It’s a sleepy Thursday afternoon, and I roll out of bed at approximately 1330 hours and on to Facebook to discover that not only is the University holding an open day, but Pronto Mama, Fatherson and Washington Irving are playing a free afternoon show in Qudos in roughly an hour. Being a generally good citizen, loyal QMUite and fan of at least one of these bands I promptly proceed to the shower and onwards to what looks to be a promising afternoon.
I arrive late, but not too late to catch the first act, Pronto Mama, in action. The room is sparsely populated, but the band are excellent. They masterfully blend solid, heavy indie rock with glitchy rhythms and fairly mad progressive passages that become near jazz-like in places, if still dominated by guitar. Their banter may be slightly directionless and circular but their music certainly isn’t; a really refreshing blend of rhythms and textures and definitely something to keep an eye on in future.
They clear the stage to make way for Fatherson, and the first sight to catch the eye is that of a cello being set up onstage alongside the more traditional combination of guitars, bass, drums and synth. The set opens with a fat bass drone that builds up into the first of many soaring, triumphant sound pieces. Theirs is a slightly more straightforward brand of alternative rock than that of Pronto Mama, but their energy is great and they build some impressive crescendos, their bass player looking positively joyful at the thunder his distortion brings. More importantly, the cello does not play the one bit part (a la Twin Atlantic) that might be expected. It makes a welcome textural addition to upbeat and heavy songs as well as the slower ones, although the cellist’s backing vocals are sadly inaudible. The songs are well articulated and go down well with those punters in attendance, although the room is still near empty.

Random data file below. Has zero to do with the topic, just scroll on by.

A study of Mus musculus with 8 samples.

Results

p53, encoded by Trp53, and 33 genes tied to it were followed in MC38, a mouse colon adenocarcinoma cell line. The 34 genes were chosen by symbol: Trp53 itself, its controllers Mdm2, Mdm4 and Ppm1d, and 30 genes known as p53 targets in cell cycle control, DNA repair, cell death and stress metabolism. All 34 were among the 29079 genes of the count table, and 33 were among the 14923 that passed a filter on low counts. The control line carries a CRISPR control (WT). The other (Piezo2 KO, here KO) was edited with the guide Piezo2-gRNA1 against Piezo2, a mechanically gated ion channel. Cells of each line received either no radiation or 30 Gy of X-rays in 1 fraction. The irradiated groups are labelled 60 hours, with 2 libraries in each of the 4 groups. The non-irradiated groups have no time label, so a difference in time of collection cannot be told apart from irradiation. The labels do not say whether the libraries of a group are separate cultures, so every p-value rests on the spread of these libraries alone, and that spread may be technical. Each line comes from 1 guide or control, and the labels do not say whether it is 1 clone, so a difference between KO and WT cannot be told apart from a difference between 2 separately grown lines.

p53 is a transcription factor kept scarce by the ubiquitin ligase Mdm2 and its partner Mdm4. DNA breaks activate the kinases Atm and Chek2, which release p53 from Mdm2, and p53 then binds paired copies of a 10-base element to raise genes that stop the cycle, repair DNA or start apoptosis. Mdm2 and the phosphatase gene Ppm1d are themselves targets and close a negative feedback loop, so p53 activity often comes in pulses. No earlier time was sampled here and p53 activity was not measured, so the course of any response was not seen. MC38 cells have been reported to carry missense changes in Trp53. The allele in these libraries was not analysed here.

The third and final act is Washington Irving. Until fairly recently the band were characterised by their celtic brand of folk pop, embellished with the fine flute playing of Roslyn Potter. Having now parted ways with the flautist however, I’m interested to see how their sound has evolved, and to hear new material. To begin with, the result appears mixed. The folk feel is certainly still there, but some of the instrumental passages on the older songs feel empty without those soaring flute melodies. However, a couple of songs into the set sees them find their stride, and a darker and heavier side to the group begins to unfold. Unsurprisingly, it is the newest material that works best with the new line-up, and breathless, moody passages balance well with powerful, chant-like celtic choruses on which frontman Joe Black’s voice is often joined by the rest of the band. In places, distortion adds a gritty but beautiful extra texture; in others, a couple of deft, folky lead guitar arpeggios make a welcome throwback to the days of yore. By the end of the set, the band have well and truly won the audience over. The room is now shockingly empty, but those remaining work hard to let the band know they are appreciated. Their forthcoming album will tell for sure how well their new sound has been established, but this appears to be a taste of great things to come from Washington Irving.
As for the open day – was anybody convinced to come to Glasgow University by this gig? Who knows, but if prospective students were in attendance then they were certainly treated to an excellent slice of current Glasgow music for no money at all – and who can argue with that?